The park

A DESIGN BY XAVIER KURTEN

The park in front of the Cavour Memorial covers almost 40 acres: its original core dates back to the early 1800s, when the current castle was built.

At the time the Benso estate included a few farmhouse buildings: the chapel of the Madonna delle Nevi (later moved to an adjacent location), the “Margheria” farm with its vineyard, and in front of the castle a garden organized in four parterres with boundaries marked by hedges and flower beds. A branch of the Banna torrent flowed between the gardens and the vineyard, known as the “Santena Vecchia” or “Santenassa“ stream.

A map from 1765 shows the garden area as a meadow, delimited by rows of trees running perpendicular to the Castle: they were probably planes, and many majestic specimens still remain today. The 1765 map was confirmed by a plan dated 1797.

A late 18th century painting attributed to abbot Borson confirms further changes and shows the gardens in front of the Castle, between 2 lines of trees: the area was clearly used for agricultural purposes.

In 1795 Camillo Cavour’s grandparents, Giuseppe Filippo Benso and Philippine de Sales, had the Banna torrent’s bank built to contain frequent floods and consolidated the farming estate building, the so-called “Cascina Nuova” (New Farm), and entrusted architect Lorenzo Lombardi, already author of Torino’s napoleonic city plan in 1797, with a project for the arrangement of the gardens, which appears to be the first complete project for the entire area now constituting the park.

We know that the garden was actually built in the early 19th century when it reached the current shape and dimensions. The project by Lombardi was probably abandoned and in 1800 Giuseppe Filippo Benso turned to Abbot d’Arvillars concerning the gardens arrangement.

Around 1830 Michele Benso entrusted the definitive arrangement of the park in line with the fashion for picturesque gardens to Prussian Xavier Kurten (Brühl, 28 December 1769 – Racconigi, 8 December 1840), the director of Racconigi Park. Kurten placed the trees isolated or in groups around the central lawn and along the outside perimeter, hiding the boundary walls with apparently spontaneous thick woods; he kept the pond for its landscaping function and designed winding pathways to allow for different views of the castle. The park was further expanded and the entire area was designated for rest and leisure for the family and its guests.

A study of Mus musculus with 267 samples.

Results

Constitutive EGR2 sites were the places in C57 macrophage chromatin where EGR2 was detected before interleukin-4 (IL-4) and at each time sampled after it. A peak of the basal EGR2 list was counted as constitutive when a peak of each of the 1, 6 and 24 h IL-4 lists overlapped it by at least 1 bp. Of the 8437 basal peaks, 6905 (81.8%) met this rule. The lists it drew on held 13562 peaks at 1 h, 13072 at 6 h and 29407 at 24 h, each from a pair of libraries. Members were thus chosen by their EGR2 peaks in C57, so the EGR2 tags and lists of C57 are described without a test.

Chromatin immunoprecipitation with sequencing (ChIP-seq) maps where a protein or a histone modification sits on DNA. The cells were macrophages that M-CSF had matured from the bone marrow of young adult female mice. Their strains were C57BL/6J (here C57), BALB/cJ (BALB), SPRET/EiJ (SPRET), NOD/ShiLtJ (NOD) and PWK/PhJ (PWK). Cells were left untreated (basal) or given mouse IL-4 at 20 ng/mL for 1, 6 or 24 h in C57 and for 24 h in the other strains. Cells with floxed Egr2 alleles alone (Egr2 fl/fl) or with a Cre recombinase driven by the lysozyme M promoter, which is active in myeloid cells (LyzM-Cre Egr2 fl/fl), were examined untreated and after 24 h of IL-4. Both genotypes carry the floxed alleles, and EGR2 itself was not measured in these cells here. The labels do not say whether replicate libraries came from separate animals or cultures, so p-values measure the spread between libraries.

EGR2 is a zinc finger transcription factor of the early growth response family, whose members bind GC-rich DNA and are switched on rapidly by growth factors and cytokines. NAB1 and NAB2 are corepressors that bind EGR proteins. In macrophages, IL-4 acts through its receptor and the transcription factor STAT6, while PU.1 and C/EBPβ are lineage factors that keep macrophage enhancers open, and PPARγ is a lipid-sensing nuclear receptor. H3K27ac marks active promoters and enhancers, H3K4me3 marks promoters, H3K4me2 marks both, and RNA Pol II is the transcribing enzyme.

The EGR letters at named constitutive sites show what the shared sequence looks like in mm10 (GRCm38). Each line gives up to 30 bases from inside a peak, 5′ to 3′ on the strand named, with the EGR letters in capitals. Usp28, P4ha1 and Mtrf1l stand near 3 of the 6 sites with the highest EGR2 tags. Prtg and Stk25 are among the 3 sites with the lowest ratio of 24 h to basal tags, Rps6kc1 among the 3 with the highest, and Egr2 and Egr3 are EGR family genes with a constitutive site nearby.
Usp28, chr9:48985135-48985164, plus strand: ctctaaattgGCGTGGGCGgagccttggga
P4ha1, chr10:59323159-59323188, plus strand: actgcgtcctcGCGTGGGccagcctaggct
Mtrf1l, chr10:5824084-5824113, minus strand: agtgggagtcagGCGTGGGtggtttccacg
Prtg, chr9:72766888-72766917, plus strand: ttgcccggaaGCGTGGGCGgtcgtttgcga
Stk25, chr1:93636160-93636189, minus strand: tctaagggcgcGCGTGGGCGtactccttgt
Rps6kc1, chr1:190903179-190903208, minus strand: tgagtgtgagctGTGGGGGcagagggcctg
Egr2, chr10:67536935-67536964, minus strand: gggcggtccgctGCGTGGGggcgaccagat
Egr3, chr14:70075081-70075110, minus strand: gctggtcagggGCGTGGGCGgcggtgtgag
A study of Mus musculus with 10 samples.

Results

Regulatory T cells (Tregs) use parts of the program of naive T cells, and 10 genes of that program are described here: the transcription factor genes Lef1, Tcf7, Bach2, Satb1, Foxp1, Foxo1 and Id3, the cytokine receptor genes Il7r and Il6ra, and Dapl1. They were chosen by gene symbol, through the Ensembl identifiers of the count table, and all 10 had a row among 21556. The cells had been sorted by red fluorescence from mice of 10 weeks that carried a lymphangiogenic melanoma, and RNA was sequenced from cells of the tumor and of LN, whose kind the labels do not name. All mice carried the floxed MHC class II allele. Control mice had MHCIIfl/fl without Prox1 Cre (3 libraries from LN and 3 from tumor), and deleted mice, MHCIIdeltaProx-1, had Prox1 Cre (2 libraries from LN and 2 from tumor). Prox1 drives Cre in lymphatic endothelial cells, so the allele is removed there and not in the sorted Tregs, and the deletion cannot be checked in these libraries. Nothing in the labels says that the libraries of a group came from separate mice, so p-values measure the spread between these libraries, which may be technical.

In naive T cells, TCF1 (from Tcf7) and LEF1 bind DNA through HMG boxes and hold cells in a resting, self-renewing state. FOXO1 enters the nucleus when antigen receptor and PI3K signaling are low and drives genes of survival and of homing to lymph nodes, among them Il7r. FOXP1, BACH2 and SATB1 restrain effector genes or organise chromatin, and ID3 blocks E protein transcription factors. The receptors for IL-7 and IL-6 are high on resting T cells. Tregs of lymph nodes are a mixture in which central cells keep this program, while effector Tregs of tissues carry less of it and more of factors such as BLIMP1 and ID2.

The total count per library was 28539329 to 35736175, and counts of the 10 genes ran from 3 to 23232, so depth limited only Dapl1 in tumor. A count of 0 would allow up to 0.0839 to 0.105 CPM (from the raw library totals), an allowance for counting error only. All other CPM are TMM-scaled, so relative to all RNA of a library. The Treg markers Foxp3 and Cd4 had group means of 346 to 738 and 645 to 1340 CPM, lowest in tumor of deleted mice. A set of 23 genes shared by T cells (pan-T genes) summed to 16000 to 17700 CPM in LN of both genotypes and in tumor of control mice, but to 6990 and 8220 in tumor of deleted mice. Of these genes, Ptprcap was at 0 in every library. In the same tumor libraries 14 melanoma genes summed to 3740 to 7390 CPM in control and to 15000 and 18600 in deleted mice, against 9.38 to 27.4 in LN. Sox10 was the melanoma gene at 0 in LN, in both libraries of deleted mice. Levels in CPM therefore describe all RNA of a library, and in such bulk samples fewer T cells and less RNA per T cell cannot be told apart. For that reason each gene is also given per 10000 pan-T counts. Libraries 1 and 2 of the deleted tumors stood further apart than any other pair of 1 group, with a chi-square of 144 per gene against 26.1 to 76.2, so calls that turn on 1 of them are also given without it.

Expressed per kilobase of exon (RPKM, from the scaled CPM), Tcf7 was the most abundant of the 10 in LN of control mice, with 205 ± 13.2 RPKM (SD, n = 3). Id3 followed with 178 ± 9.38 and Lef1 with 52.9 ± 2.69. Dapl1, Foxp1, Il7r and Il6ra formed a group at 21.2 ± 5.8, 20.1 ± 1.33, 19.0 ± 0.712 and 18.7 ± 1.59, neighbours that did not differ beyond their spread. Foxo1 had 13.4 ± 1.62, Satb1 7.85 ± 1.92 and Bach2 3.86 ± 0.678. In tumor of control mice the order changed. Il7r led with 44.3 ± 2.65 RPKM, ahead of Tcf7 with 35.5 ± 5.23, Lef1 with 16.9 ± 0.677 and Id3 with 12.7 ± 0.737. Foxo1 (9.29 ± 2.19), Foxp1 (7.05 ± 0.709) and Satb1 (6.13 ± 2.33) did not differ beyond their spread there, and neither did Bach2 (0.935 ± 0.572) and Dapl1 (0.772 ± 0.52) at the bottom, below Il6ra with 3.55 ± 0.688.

Another painting from 1827-1830 shows the garden’s transformation into an English park: the tree lines have disappeared and the lawn features groups of trees and scattered woods..

There are no reports of further changes in the following years.

The 18th century villa in Santena kept its representation and seasonal holiday functions because of its proximity to Turin, and the Benso family added to it other estates where Cavour implemented innovative farming techniques and experimented with new crops and fertilizers: these were in Grinzane, rented from duke Clermont Tonnerre, and Leri, in the province of Vercelli, purchased after the sale of Camillo Borghese’s assets.

Interest for the Santena estate only resurfaced after 1876, when Giuseppina Benso became its owner following the death of her brother Aynardo. The Marquess started important renovation works and had the park reorganized, replacing and integrating the existing trees, but without changing the form and style of Kurten’s project.

In the first half of the 20th century the park was used for farming, annexed to Cascina Nuova, and no special changes were undertaken, just conservation and maintenance work, probably because of the Banna overflowing (the biggest floods occurred in 1901 and 1951).

In 1955 the new owners after the death of Marquis Giovanni Visconti Venosta, Città di Torino and usufructuary Marquess Margherita Pallavicino Mossi, granted a lot of land to Comune di Santena along via Cavour, tu set up a green area for public use and a slope to the banks of the Banna. Works entailed the demolition and moving back of a section of the boundary wall, and cutting down a number of tall trees.